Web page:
So you’ve submitted your resume to all of your favorite departments and got your first bite! This is an exciting first step in starting your new career, but don’t pop the champagne bottle just yet. There are a few things you’ll need to get right if you want to secure this job.
- Stand up. Walking around is a good way to get your blood moving and it really helps with formulating your thoughts as well. Give it a try and compare it to talking when you are seated, and you’ll see just how much of a difference a little movement can make. You will feel less nervous, and your voice will project better over the phone.
- Take your time. Without blurting out the first thought that comes to your mind, take a few seconds to think of an answer. These seconds might seem like an eternity to you, but in reality it’s not a very noticeable pause on the other side of the line.
- Be enthusiastic. Avoid being monotone and actually act like you want this job.
- Plan ahead. Most companies will ask you beforehand when you would like to have a telephone interview, and be prepared to spend at least 15 to 30 minutes on the phone. Make sure you’re in a quiet place with no distractions and good cell service.
Once you’ve passed the telephone interview, you will likely be contacted for an in-person interview next.
Team interviews can either be a set of nurse managers and directors, or they can be a unit specific set of “nurse peers” whom are normally comprised of charge nurses, clinical coordinators, and perhaps a floor nurse or two. These groups are normally anywhere between 2-5 people in size so prepare for an audience and you won’t feel as overwhelmed.
Team interviews are mainly used as a way to see if you would be a good fit for the unit as far as your personality is concerned–that is, the existing staff would like to know if they think you would get along with everyone before having you onboard. Team interviews also service as another filter for unit managers and directors, and generally their vote carries a lot of sway, so you really want them to like you.
- Be punctual. Give yourself plenty of time to show up on time and be early. Account for traffic interruptions and getting lost if this is your first time visiting a new hospital. Also give yourself time to find the unit you’re interviewing on if this is the first time you will be going there.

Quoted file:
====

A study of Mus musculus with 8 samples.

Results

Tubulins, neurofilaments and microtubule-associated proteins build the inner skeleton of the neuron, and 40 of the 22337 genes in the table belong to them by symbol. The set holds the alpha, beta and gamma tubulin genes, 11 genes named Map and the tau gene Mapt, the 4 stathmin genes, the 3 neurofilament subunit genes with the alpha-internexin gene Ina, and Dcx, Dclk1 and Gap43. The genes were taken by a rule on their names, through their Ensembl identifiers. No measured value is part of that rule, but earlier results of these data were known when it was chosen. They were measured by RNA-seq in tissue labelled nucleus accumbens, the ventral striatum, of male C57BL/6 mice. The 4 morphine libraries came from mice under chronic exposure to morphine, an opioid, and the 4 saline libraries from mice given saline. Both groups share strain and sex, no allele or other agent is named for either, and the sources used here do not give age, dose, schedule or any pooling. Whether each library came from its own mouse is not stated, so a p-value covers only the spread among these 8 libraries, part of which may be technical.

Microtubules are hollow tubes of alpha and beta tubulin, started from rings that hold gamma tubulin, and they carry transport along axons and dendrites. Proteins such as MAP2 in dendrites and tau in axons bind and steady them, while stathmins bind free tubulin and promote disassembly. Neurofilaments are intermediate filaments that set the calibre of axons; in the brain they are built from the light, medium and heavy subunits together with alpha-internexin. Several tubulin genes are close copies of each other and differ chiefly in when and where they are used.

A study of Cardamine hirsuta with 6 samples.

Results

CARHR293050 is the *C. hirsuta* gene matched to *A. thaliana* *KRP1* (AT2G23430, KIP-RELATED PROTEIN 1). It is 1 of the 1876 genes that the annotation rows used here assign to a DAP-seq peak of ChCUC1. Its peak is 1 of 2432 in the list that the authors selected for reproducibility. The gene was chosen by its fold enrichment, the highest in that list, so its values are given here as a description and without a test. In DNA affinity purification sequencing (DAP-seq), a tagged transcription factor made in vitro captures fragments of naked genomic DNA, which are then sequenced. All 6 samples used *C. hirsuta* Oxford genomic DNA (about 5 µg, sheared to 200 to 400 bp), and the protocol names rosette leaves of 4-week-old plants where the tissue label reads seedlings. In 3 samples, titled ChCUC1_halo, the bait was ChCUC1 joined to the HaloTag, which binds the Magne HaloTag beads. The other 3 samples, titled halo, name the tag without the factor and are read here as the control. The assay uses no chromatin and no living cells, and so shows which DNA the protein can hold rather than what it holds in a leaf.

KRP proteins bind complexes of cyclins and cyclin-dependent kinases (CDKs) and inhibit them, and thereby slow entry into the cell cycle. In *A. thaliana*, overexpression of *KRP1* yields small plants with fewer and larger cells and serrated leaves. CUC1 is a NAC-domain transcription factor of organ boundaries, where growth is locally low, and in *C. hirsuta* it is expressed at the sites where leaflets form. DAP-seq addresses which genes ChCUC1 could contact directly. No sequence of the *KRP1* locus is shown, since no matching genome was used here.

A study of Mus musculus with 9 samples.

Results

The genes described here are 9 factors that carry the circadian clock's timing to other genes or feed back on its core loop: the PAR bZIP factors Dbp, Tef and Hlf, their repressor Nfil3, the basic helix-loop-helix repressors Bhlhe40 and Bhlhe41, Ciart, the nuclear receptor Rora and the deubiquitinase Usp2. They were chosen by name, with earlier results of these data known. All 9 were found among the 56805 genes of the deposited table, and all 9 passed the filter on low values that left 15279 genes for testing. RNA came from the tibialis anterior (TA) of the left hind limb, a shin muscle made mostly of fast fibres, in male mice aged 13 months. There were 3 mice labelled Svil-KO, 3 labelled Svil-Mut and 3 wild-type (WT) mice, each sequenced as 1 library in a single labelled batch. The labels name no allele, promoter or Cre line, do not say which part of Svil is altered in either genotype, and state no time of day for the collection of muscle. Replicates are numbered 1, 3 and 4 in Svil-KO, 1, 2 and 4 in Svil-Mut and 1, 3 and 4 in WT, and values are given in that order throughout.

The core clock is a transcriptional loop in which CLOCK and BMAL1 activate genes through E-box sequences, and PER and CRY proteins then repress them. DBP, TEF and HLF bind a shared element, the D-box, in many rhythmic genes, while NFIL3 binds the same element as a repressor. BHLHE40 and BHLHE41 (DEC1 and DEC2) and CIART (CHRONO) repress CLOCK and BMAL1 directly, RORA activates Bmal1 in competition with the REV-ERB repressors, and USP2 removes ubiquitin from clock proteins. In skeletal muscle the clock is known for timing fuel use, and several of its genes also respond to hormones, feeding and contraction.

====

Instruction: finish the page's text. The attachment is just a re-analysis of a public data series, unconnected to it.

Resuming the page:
- Dress professionally. Don’t show up to this interview in scrubs unless specifically asked to. Instead, men should wear a suit and a tie, and women should wear a pantsuit. You want to look professional and this outfit will never serve you wrong in any interview.
- Address all team members. You want to speak to the group, not one just one person. You might not be used to doing this, but take some time to practice before you’re put on the spot.
- Stay cool. This interview is largely a meet and greet. It is not so much designed to test your skills and knowledge as it is to see how you act and how you are as a person. Just relax and be your friendly self.
- Emphasize that you’re a team player. Nobody wants to work with someone who will not help contribute to the group. Let them know how important a good team approach is, and that you are a great team player.
If you’ve made it this far, you’re likely a few short steps away from securing your new job, so give yourself a big pat on the back. If you’ve already had previous interviews, this meeting may be more of a formality than an actual interview, but it could also be a serious grilling, so come prepared.
- Similarly to the team interview, you need to be on time (early), and be dressed professionally.
- Bring a copy of your resume. Most unit managers or directors will appreciate that you can provide a printed resume, and it can serve as a set of talking points for your meeting and help guide you while speaking of any prior experience, or education that you would like to illuminate on.
- The unit tour. If you’re taking a tour of the unit, you have almost certainly gotten the job. Most managers will not take the time to show a prospective employee around the unit unless they are interested in hiring them.
- Take a card. Be sure to get a business card with contact information for figuring out the next steps in the hiring process. Well done by the way!
Follow these steps and you’ll find that interviewing is not so scary after all. The most important takeaways from this article should be to remain calm, and always be polite and professional. Do that, and it’s hard to go wrong. Congratulations on nailing the interview and getting the job!